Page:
Jay-Z’s inaugural performance at the Barclays Center may not have been the greatest show, but nobody seemed to mind, because it was Jay-Z’s inaugural performance at the Barclays Center. This was a concert with as plausible a claim to long-term historical importance as most people ever get a chance to see. Bruce Ratner, who owns most of the new area, told this magazine that in a hundred years, Brooklyn will be the epicenter of the country, “and [Barclays] will be at the middle of that,” and I suppose someone will hoverboard past the place daydreaming about how quaint it must have been to see this turn-of-the-century megastar perform his old-timey rhyming music when it opened.
The rapper described himself, on stage, as overwhelmed. He may also have been pacing himself, since he’s playing eight of these shows. “You can stunt like that,” he said, “when you own the whole place.” He does not exactly own the whole place — less than a percent of it, actually — but whatever: Here is a guy who grew up in Brooklyn projects, got into rap when it was widely viewed as a public-menace vulgarity of the underclass, and is now, as a part-owner of the Nets, heavily involved in bringing this arena, and a major sports franchise, to his home borough, in addition to which he is playing eight sold-out shows inside. It’s mind-boggling; it’s a wonder he doesn’t walk around all day grabbing people by the shoulders and yelling about how remarkable that is. When he spots someone in the crowd with a Jackie Robinson Dodgers jersey, brings it up on stage, displays it, and says “look how far we’ve come,” the symbolism — color lines broken, sports returned to Brooklyn after a 55-year absence people still act personally broken-up about, hip-hop taking a role in giant borough-shaping construction projects instead of getting policed out of small clubs — doesn’t seem remotely cheap.
Plus, for the record, the Barclays Center is a little overwhelming. Entrance lines wind under a bulbous canopy with a video screen wrapped inside, so while you’re waiting, the entire universe violently changes color as the display shifts from, say, a blue ad for GEICO to a red ad for Rush’s “Clockwork Angels” tour. The weirdly brutal Thunderdome of the arena itself stacks people vertiginously up its sides until you get an idea of what it’s like to be a single taste bud inside a giant mouth. The staff was suspiciously pleasant, as if workers knew they’d be drawn and quartered for any actions that tarnished the place’s reputation — the same reason we all had to take off our belts and file through metal detectors, so no one embarrassed the venue or hip-hop or Brooklyn with unscheduled violence. At the end of the night, Jay-Z would tell us to get home safely, because “they’re just waiting for us to fuck up”; for the night this was not just Brooklyn’s arena but hip-hop’s arena, and neither was allowed to cave to any naysayer’s opinion that they can’t have nice things.
The show’s historical import was conveyed mostly via non-stop heavy-duty boosterism. I don’t know how many times the word “Brooklyn” has been spoken, planet-wide, so far this year, but I would almost bet that it doubled during Mister Cee’s opening DJ set, an audio collage of Brooklyn-centric hip-hop history, and shouts to the borough. (He did offer one hilariously half-hearted shout “to people not from Brooklyn, people who migrated to Brooklyn — welcome to Brooklyn — BUT THIS IS BROOKLYN’S HOUSE.”) Then, introducing Jay-Z, a video collage of Brooklyn history and Brooklyn personages, the Brooklyn landmarks and Brooklyn rappers, set to the Beastie Boys’ “No Sleep ’til Brooklyn,” culminating in this, Barclays and the Nets and Jay-Z and Brooklyn, though by this point “Brooklyn” didn’t even sound like a real word anymore.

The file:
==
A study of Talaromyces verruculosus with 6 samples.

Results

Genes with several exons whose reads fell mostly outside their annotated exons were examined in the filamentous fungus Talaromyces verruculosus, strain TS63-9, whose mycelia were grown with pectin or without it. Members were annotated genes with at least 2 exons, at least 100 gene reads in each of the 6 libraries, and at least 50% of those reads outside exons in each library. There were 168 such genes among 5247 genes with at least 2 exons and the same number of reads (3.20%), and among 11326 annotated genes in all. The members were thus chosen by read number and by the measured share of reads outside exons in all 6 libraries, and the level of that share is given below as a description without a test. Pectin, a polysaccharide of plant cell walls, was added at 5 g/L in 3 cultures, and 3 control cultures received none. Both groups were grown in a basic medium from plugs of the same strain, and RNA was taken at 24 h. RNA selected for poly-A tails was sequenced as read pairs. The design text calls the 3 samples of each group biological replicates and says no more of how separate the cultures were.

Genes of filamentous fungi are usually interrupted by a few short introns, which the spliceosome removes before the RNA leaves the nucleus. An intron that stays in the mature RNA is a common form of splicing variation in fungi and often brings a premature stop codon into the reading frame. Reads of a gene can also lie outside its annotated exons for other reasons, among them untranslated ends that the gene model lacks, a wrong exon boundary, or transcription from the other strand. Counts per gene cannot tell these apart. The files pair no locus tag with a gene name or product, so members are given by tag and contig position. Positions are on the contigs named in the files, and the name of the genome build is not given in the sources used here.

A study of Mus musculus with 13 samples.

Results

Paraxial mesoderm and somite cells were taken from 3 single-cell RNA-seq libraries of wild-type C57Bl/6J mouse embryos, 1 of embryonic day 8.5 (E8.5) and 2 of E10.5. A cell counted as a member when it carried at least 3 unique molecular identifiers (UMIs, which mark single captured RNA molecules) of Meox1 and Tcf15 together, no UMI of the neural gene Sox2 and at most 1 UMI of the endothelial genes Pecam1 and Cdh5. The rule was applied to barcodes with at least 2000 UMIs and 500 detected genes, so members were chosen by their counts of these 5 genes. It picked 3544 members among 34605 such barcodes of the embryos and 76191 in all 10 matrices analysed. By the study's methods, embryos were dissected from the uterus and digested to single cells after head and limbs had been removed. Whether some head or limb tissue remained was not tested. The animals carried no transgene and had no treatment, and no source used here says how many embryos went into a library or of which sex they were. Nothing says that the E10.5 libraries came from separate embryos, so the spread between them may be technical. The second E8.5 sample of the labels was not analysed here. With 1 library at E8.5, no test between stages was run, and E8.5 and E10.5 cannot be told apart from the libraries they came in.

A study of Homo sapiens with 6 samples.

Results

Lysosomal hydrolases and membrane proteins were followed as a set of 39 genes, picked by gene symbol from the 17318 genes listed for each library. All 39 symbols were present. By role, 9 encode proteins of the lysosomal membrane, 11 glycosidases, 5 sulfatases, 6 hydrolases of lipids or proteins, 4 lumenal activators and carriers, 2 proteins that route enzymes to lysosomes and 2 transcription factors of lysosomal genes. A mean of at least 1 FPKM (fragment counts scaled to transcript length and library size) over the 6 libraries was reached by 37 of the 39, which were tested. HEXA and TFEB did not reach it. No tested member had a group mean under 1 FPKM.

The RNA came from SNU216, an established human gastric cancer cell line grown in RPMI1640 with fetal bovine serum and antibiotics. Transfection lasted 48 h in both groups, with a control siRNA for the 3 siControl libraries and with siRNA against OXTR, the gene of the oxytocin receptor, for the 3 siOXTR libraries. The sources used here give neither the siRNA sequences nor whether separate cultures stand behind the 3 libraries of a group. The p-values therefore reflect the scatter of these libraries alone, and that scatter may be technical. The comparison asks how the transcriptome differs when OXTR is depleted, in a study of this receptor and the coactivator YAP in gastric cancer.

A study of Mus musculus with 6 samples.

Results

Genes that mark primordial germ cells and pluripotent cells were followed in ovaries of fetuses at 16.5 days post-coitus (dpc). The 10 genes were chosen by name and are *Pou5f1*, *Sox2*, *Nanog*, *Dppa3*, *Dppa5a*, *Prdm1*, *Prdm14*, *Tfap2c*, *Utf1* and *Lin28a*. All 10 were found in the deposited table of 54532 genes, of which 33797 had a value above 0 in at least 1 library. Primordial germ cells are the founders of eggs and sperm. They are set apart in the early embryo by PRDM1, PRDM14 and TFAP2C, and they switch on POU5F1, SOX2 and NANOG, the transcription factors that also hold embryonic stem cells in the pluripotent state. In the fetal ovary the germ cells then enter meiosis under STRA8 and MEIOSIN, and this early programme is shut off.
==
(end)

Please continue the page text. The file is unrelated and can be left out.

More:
The show itself, I imagine, was meant to be “intimate,” or as intimate as you can get in a 19,000-capacity venue: Just Jay-Z interfacing directly, and briefly, with the people of his home. He stood alone on stage, joked and freestyled; toward the end he talked to people up front like a stand-up comedian. There were no grand set-pieces, no string of guest stars — except for the part where he handed over about half of his encore to Big Daddy Kane, whose high-risk old-school dance moves (flying splits, at two years older than Jay-Z!) earned some of the warmest crowd enthusiasm of the night. It does not take a lot for a Jay-Z show to be good; there’s an immense catalog of tracks to run through, a favorite for every constituency, from the ubiquitous pop hits he leaned on at Carnegie Hall last winter to the mid-nineties Reasonable Doubt tracks that came out for the Brooklyn faithful. But you’d think a Jay-Z show of allegedly historical dimensions could have a crowd reeling and shouting — not politely appreciative and reminding themselves that it was significant to be there.
For the last song, “Forever Young,” Jay-Z wanted a specific arrangement of things to happen — the keyboard player holding the song’s chords, people in the audience holding up lighters and cellphones, everyone singing the chorus. But when he asked for lights, someone brought up the house lights, and he had to issue a correction. (Not those lights, the other lights.) When he tried to cue the singing, there was mild confusion over what the keyboards were meant to do. Another correction was issued. People probably didn’t need that reminder not to get nuts on the way out — the hype level was a little low. But nobody seemed to mind too much, because this was Jay-Z’s inaugural show at the Barclays Center. And it was a little like buying a hot dog and a beer at a giant arena: They don’t taste as spectacular as the price might suggest, but you get to enjoy them during a real event.